Under Gilbert's Plan, Long-Term Aid Recipients Would See More State Involvement
by Patricia McBroom
Hopes of reforming welfare by putting mothers to work is a tough-sounding, quick fix that is bound to fail, according to a Berkeley expert on social welfare who is also a chief evaluator of California's workfare program.
The proposed reforms will cost far more than current aid to families, and they completely ignore the fate of the children, according to Neil Gilbert, Chernin Professor of Social Welfare and co-director of the Family Welfare Research Group here.
Moreover, the suggested reforms do not take into account the diversity of women on welfare, half of whom are at work within two years without help from the government, he said.
Finally, Gilbert said, there are no jobs in the private economy for many of these women, which means that make-work jobs in the public sector must be manufactured.
That is an expensive solution that creates cynicism all around, said Gilbert. He said that the minimum cost of creating a public works job plus providing daycare is $6,300, on top of the $5,000 average payment per year to a family on welfare.
"We've tried this before. We know it doesn't work," said Gilbert, whose experience with family welfare dates to the 1960s when he worked for New York City's public welfare department. Recently, his research group at Berkeley evaluated California's GAIN (Greater Avenues for Independence) program, which provides training and employment for welfare mothers.
Gilbert has brought his research and experience together in a new book, "Welfare Justice," slated for publication in February 1995 by Yale University Press.
"GAIN taught us that a two-year limit is unrealistic for the people who are difficult to employ," said Gilbert. Meanwhile, many other women don't need a workfare program.
National studies have reached similar conclusions about the diversity of circumstances under which mothers receive Aid to Families with Dependent Children.
In his book, Gilbert shows that 50 percent of welfare mothers use AFDC for up to two years, perhaps because of sickness, divorce, unemployment or disability, but then get off on their own. Many of these women get married; others are well enough educated and trained to find their own jobs. For this group, welfare is a safety net that works, said Gilbert.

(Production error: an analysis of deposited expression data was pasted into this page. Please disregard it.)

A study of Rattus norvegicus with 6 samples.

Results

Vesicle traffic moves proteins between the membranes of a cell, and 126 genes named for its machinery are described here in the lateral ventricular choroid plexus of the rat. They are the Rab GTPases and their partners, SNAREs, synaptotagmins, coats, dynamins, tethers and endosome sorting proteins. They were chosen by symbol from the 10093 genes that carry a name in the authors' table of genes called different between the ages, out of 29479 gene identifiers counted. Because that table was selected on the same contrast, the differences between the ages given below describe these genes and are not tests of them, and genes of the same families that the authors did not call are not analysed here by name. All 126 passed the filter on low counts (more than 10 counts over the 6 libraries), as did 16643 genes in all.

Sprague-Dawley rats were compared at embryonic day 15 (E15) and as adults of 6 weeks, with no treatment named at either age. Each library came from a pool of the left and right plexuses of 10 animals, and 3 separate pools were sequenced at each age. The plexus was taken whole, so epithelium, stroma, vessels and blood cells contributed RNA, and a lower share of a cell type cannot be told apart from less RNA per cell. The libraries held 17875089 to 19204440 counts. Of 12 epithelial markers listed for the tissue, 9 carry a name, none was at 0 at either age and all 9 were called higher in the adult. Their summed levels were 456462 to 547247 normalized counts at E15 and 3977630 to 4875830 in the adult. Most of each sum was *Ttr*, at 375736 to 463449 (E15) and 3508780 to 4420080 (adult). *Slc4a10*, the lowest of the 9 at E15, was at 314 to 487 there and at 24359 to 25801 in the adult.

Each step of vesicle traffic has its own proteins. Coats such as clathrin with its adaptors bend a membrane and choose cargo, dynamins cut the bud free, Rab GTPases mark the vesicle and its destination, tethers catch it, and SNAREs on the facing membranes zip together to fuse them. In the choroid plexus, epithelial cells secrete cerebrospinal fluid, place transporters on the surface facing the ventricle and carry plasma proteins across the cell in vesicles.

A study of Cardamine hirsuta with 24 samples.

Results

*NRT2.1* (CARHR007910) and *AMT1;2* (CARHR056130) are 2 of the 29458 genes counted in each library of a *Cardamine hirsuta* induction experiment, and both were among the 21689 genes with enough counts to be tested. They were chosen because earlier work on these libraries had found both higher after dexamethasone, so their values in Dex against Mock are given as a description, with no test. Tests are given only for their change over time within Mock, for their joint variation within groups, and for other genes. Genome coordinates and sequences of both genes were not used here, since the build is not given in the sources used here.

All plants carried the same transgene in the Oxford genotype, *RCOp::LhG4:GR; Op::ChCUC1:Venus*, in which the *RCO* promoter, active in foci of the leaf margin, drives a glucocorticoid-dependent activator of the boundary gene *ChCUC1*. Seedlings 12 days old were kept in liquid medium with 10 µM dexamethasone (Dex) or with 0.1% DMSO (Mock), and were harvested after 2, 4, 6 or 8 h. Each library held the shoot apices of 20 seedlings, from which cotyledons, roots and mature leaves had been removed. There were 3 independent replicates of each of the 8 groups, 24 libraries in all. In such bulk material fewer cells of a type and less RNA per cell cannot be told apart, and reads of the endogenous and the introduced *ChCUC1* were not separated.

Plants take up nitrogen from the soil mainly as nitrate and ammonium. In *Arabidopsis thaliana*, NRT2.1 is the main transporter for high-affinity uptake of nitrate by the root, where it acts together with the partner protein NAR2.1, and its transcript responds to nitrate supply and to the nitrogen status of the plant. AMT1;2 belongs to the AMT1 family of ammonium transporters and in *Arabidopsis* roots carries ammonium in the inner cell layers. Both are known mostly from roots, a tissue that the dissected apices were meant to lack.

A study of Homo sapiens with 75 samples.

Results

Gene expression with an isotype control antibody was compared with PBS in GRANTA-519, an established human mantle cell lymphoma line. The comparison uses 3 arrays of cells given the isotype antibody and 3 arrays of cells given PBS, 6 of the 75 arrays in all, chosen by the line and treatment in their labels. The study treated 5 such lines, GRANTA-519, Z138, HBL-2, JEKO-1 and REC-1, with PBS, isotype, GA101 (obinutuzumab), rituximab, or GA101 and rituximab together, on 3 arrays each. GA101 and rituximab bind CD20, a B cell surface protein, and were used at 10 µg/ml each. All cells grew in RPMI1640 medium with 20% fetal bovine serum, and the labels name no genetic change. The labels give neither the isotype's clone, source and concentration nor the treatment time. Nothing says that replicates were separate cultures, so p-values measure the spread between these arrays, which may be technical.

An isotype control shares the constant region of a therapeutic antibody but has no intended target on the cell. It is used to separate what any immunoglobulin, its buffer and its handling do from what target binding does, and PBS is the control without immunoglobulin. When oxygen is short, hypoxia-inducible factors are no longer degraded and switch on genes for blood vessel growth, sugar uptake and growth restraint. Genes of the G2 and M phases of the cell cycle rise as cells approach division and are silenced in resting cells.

At the other extreme, 17 percent of welfare mothers have been receiving aid for eight years or more and are relatively hard-core, said Gilbert. Often becoming mothers when they were teen-agers, these long-term recipients have an average sixth-grade reading level. Most need a basic education in math and literacy. A high percentage are addicted to drugs or alcohol, and their children are more at risk of abuse and neglect than are children in other families, he said.
"These are very serious problems. You can't just put these women on the job market." Experience has shown that a two-year welfare limit proposed by some lawmakers is not long enough to prepare these women for employment.
The other 30 percent of mothers on welfare lie somewhere between these two extremes, having used AFDCfor two to eight years, according to Gilbert.
Altogether, AFDC accounts for only about one percent of the federal budget. "There is a lot of fury about a relatively small item," he said.
Though Gilbert is highly pessimistic that a two-year work-education program will make a significant difference in reducing the size or cost of welfare, he does believe that welfare reform can be used to dissuade some unmarried teens from having children.
His solution is to impose a level of social control on long-term recipients that would hopefully make them better mothers, while also making welfare unattractive to those who could work.
Beginning with the notion that many hard-core recipients are not competent as mothers or employees, Gilbert would institute reforms aimed at rescuing the next generation--the children--from poverty and neglect.
This can be done, he believes, by increasing public surveillance of welfare mothers so that long-term recipients become essentially "wards of the state." The longer they are on welfare, the more extensive the social controls, from mandatory parental education and home-health visits, up to and including management of the family budget.
"Instead of resorting to make-work and forced labor, we should be thinking about how to manage dependency," said Gilbert.
"People in need of care will always be with us. We can throw them out on the streets and look even more like Calcutta than we do now. Or we can agree that there is a level of dependency here that will not be resolved and aim at the coming generation," he said.
Gilbert strongly faults the current debate for ignoring the plight of children on welfare.
"Every helpless infant born into these circumstances should be protected. We ought be concerned more about protecting those children than somehow putting these women into the marketplace," he said.